Health-care providers push for financial help bill

Posted: Monday, February 22, 2010

Health-care providers are stepping up their campaign for the Legislature to pass a bill establishing state incentives to recruit medical professionals to the state.

Shortages in several key areas, including physicians, are contributing to medical costs being sharply higher in Alaska - 50 percent to 100 percent for some procedures, according to the state Division of Insurance - than in the Pacific Northwest.

Senate Bill 139, sponsored by Sen. Donny Olson, D-Nome, has been in the Senate Finance Committee since last year.

A health care coalition led by the Alaska Primary Care Association hopes to persuade senators on the Finance Committee to move the bill out of committee in time to give it a chance of passage before the Legislature's required April 19 adjournment.

The legislation establishes a program to repay part of the hefty medical school debts incurred by new physicians, dentists and eight other health occupations that are in short supply, according to Shelley Hughes, government affairs director for the Primary Care Association.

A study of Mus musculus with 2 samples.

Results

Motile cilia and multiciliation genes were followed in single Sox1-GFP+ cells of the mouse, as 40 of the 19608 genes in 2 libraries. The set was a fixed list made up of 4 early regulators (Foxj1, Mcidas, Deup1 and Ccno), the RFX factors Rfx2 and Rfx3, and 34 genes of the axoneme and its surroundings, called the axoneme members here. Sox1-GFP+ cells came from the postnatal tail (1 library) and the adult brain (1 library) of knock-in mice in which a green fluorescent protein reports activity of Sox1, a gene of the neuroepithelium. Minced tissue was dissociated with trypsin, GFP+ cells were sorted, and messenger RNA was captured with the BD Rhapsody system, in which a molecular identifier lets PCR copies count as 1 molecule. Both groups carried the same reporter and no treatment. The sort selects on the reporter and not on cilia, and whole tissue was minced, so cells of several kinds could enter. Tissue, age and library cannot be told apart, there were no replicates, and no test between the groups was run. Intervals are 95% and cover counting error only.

A separate cash incentive program is aimed at encouraging experienced medical professionals to work in small communities.

Health care has been expanding in Alaska, with employment in the industry rising more than 8 percent in the last two years, but there are imbalances.

"There is a good supply of specialists in urban areas. The shortage is in primary care, particularly in rural communities," as well as in certain professions like psychologists, said Robert Sewell, a health policy expert with the state Department of Health and Social Services.

Financial aid programs have proven to be effective in recruiting and can also be used to target underserved communities and critical specialties, Sewell said. Juneau has no cardiologist, for example.

Loan repayment programs typically target young graduates just beginning medical practices, but many health providers in rural communities prefer older, experienced professionals because they usually adapt more easily to adverse weather and sometimes-challenging living conditions.

To recruit experienced professionals, a cash incentive works better.

During a Feb. 15 workshop in Anchorage, Hughes and two state Department of Health and Social Services officials, Alice Rarig and Sewell, laid out statistics illustrating the seriousness of the problem.

Rarig and Sewell said the state's most recent data indicates that almost 12 percent of physician positions in health care institutions in the state, including hospitals and tribal health consortiums, are vacant. The vacancy within the tribal organizations, which serve rural communities, is 23 percent.

Similar data was reported for other skilled professions. More than 25 percent of public health nurse positions are vacant; 16 percent of physician assistant positions are vacant; and similar percentages were reported for physical therapists and psychiatrists.